Anthony Albanese unveils national cabinet plan to cut power prices by capping the price of coal and gas – as he recalls Parliament
- Coal prices will be capped at $125 a tonne after a national cabinet agreement
- Anthony Albanese announced the measure during a press conference on Friday
- The Prime Minister will recall Parliament to pass legislation over energy prices
National cabinet has agreed to provide power price relief for households and businesses by imposing caps on coal and gas prices as well as cash support.
Gas prices will be capped to $12 a gigajoule for 12 months, while coal will be temporarily capped at $125 a tonne, following an agreement on Friday between Prime Minister Anthony Albanese and state and territory leaders at a virtual national cabinet.
A mandatory code of conduct will be put in place for the gas industry, with federal parliament to be recalled next week to pass the legislation.
Anthony Albanese announced national cabinet’s plan to provide power price relief for households on Friday evening
A further $1.5 billion will be provided in energy bill relief for support to household businesses, which will be paid through state governments.
Treasurers are set to work through a relief package for each state and territory. Financial relief for energy bills is expected to begin in the second quarter of 2023.
Mr Albanese said the bill relief would not be direct cash handouts, to protect inflation levels.
‘It will not be the same plan in each state and territory, given each of them have different systems,’ he said.
‘That is part of the complexity of what we have been dealing with is the fact that we have eight different systems around the country.’
Mr Albanese said extraordinary measures would be taken to lower the cost of energy.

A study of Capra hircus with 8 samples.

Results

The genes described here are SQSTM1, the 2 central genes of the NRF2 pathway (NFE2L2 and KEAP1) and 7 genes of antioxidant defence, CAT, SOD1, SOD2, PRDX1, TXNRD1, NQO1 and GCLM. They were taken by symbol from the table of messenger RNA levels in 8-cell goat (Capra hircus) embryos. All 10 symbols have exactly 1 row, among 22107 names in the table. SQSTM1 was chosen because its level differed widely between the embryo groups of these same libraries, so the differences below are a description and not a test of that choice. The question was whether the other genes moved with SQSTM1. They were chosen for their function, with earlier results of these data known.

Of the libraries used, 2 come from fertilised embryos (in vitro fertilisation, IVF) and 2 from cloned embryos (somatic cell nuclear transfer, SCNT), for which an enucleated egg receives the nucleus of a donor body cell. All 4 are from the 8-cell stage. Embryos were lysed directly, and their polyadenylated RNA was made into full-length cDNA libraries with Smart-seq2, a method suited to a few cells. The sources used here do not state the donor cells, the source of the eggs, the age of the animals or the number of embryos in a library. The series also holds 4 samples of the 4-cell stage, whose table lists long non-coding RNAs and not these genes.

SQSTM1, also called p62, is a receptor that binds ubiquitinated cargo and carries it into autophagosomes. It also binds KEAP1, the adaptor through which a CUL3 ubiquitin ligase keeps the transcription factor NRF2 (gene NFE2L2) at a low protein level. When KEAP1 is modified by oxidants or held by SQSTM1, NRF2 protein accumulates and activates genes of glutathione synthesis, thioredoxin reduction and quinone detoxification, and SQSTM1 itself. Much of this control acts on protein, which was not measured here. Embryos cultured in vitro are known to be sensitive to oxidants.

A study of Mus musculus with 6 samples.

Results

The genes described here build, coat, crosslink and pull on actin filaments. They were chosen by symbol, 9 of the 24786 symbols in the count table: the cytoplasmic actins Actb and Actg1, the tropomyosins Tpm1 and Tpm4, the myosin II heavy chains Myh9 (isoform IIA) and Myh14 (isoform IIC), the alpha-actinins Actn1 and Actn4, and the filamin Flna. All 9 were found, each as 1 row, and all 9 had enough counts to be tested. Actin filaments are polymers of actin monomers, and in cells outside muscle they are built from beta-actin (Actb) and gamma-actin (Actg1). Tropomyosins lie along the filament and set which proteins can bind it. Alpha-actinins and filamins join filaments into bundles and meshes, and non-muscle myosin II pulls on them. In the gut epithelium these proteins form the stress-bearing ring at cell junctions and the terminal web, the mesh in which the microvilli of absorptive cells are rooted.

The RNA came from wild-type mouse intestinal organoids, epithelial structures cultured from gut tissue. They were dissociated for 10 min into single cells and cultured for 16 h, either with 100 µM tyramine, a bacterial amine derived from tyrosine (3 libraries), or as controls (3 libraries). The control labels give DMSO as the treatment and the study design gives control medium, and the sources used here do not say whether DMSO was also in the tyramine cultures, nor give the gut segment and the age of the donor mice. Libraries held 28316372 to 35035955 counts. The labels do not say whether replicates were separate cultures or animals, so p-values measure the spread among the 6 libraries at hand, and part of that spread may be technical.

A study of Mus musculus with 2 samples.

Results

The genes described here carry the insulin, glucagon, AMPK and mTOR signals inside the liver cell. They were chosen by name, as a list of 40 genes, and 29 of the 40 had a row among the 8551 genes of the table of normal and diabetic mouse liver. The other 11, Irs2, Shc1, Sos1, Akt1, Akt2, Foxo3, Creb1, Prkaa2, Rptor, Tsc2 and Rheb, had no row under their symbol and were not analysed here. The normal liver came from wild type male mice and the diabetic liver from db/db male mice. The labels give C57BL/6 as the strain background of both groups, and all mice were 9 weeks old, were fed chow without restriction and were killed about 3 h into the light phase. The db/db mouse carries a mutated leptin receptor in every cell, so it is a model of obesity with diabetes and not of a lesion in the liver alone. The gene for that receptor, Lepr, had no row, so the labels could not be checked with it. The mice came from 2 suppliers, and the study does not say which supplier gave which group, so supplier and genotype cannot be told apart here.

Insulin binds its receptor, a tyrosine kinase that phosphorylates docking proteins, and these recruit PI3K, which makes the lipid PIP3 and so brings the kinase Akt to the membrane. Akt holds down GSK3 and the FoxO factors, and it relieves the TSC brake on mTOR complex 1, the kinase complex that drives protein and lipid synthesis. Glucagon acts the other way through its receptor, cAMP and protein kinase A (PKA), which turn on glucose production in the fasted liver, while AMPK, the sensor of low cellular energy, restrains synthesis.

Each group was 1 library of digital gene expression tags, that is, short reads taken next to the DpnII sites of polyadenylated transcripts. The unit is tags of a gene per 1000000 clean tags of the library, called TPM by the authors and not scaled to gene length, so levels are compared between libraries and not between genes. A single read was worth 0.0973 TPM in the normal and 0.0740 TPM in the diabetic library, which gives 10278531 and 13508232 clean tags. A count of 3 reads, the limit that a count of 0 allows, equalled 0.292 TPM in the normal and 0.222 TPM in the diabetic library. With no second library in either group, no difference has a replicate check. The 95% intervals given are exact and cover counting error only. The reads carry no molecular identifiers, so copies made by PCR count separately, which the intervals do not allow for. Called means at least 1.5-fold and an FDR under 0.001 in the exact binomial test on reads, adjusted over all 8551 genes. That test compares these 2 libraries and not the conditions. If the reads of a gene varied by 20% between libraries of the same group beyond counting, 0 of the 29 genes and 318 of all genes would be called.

‘We’re taking urgent action to shield Australian families from the worst impacts of these price hikes,’ he said.
‘We’re working hand in hand with our state and territory partners to find the best outcomes for all Australians.’
Electricity price relief will be tailored differently depending upon each state and territory
The federal budget forecast a 56 per cent increase in electricity prices and a 44 per cent rise in gas prices for households in the next two years.
The prime minister said 12 months would be the right amount of time to have the temporary measures in place.
‘The appropriate way to pay it is through state governments because that is how you take money off people’s bills rather than provide cash payments and that is important so that you have a deflationary impact rather than inflationary,’ he said.
National cabinet was briefed by Australian Energy Regulator chair Clare Savage, who told the meeting there had been downward pressure on energy prices since the federal government indicated it would take action.
Mr Albanese confirmed the consumer watchdog would oversee the monitoring and enforcement of the mandatory code of conduct for gas companies.